The Limits of Westernization
A Cultural History of America in Turkey
Columbia University Press 2017
New Books in American StudiesNew Books in Eastern European StudiesNew Books in HistoryNew Books in Middle Eastern StudiesNew Books in Peoples & PlacesNew Books in Politics & SocietyNew Books in World AffairsNew Books Network October 15, 2019 Robert Elliott
In today’s podcast, host Robert Elliott speaks with Dr. Perin Gürel about her new book The Limits of Westernization: A Cultural History of America in Turkey (Columbia University Press, 2017), which examines how Turkish perceptions of the United States intersected with debates around “westernization” in the twentieth century.
In a 2001 poll, Turks ranked the United States highest when asked: “Which country is Turkey’s best friend in international relations?” When the pollsters reversed the question―”Which country is Turkey’s number one enemy in international relations?”―the United States came in second. How did Turkey’s citizens come to hold such opposing views simultaneously? In The Limits of Westernization, Gürel explains this unique split and its echoes in contemporary U.S.-Turkey relations.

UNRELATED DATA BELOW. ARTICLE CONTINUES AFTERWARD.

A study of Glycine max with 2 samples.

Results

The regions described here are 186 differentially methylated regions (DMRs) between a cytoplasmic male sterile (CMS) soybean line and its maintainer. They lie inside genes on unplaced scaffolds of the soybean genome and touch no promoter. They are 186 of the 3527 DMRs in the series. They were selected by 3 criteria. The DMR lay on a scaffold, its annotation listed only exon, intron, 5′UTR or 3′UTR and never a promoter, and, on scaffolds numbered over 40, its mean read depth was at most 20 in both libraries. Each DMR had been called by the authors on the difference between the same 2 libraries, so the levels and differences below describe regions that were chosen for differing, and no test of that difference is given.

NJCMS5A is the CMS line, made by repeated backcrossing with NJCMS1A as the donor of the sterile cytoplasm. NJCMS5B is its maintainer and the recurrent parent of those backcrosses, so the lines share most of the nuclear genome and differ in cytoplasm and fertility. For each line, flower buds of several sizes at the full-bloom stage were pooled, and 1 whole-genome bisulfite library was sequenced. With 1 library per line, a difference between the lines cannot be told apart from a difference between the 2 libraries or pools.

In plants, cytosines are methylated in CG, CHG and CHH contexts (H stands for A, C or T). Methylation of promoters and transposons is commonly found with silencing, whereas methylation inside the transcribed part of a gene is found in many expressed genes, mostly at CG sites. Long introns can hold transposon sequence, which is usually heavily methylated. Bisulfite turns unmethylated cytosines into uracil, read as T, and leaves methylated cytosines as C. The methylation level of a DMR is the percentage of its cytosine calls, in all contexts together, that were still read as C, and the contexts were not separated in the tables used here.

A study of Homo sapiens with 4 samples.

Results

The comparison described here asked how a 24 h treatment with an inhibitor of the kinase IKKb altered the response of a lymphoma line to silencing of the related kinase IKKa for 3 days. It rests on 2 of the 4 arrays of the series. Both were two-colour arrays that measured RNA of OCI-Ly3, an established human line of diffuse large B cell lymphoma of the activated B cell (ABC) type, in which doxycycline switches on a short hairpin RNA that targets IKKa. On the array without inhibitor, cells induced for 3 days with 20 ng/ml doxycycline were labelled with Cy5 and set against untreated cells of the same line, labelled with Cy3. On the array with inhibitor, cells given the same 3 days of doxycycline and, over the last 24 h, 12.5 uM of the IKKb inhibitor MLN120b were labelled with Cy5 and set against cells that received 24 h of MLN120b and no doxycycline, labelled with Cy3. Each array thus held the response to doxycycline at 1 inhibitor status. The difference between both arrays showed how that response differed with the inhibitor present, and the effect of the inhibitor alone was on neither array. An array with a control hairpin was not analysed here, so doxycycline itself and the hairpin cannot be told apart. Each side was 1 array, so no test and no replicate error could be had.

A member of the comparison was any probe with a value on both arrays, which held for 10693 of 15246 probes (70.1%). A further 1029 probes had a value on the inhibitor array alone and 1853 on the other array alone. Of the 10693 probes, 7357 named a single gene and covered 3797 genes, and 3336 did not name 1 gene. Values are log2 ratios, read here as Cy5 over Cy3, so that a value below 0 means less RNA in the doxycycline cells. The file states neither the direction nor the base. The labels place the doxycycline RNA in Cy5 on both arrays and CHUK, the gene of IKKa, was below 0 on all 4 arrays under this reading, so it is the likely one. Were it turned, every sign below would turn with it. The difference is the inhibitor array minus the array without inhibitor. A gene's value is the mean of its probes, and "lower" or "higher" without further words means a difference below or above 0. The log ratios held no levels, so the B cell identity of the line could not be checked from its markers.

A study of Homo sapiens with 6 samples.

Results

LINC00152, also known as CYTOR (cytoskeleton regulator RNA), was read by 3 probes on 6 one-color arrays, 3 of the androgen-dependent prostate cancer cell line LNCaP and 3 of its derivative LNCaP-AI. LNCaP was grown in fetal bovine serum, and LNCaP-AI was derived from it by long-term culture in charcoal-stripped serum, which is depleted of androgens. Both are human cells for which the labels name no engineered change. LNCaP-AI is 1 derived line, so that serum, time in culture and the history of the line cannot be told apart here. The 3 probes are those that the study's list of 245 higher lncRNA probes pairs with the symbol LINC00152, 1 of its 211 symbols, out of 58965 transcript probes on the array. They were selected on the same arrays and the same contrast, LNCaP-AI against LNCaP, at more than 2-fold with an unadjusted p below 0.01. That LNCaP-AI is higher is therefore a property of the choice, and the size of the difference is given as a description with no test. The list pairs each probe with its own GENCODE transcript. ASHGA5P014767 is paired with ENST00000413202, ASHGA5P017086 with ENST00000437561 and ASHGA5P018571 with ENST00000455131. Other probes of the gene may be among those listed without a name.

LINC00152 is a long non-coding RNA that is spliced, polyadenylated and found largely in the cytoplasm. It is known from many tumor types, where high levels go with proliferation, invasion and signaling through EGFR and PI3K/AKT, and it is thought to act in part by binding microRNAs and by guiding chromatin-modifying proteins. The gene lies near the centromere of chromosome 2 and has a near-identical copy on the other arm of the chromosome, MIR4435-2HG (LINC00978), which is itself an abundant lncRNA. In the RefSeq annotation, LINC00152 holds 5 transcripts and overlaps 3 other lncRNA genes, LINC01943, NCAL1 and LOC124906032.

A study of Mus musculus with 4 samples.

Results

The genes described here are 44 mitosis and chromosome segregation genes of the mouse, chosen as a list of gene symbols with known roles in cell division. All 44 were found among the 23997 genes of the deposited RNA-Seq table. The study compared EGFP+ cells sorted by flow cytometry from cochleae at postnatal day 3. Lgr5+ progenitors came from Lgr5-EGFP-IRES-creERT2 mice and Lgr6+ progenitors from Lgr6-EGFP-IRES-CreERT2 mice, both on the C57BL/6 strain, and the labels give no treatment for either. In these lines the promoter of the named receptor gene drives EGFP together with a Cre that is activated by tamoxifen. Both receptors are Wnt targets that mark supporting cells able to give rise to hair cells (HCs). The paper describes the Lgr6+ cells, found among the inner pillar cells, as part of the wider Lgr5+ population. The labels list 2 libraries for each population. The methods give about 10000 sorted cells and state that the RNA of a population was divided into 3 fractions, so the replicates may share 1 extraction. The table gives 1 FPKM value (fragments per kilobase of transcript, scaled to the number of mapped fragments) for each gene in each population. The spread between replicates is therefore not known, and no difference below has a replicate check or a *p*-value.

Using Turkish and English sources, Gürel maps the reaction of Turks to the rise of the United States as a world-ordering power in the twentieth century. As Turkey transitioned from an empire to a nation-state, the country’s ruling elite projected “westernization” as a necessary and desirable force but also feared its cultural damage. Turkish stock figures and figures of speech represented America both as a good model for selective westernization and as a dangerous source of degeneration. At the same time, U.S. policy makers imagined Turkey from within their own civilization templates, first as the main figure of Oriental barbarism (i.e., “the terrible Turk”), then, during the Cold War, as good pupils of modernization theory. As the Cold War transitioned to the War on Terror, Turks rebelled against the new U.S.-made trope of the “moderate Muslim.” Local artifacts of westernization―folk culture crossed with American cultural exports―and alternate projections of modernity became tinder for both Turkish anti-Americanism and resistance to state-led modernization projects.
Robert Elliott is a Ph.D. student in the Department of History, Duke University.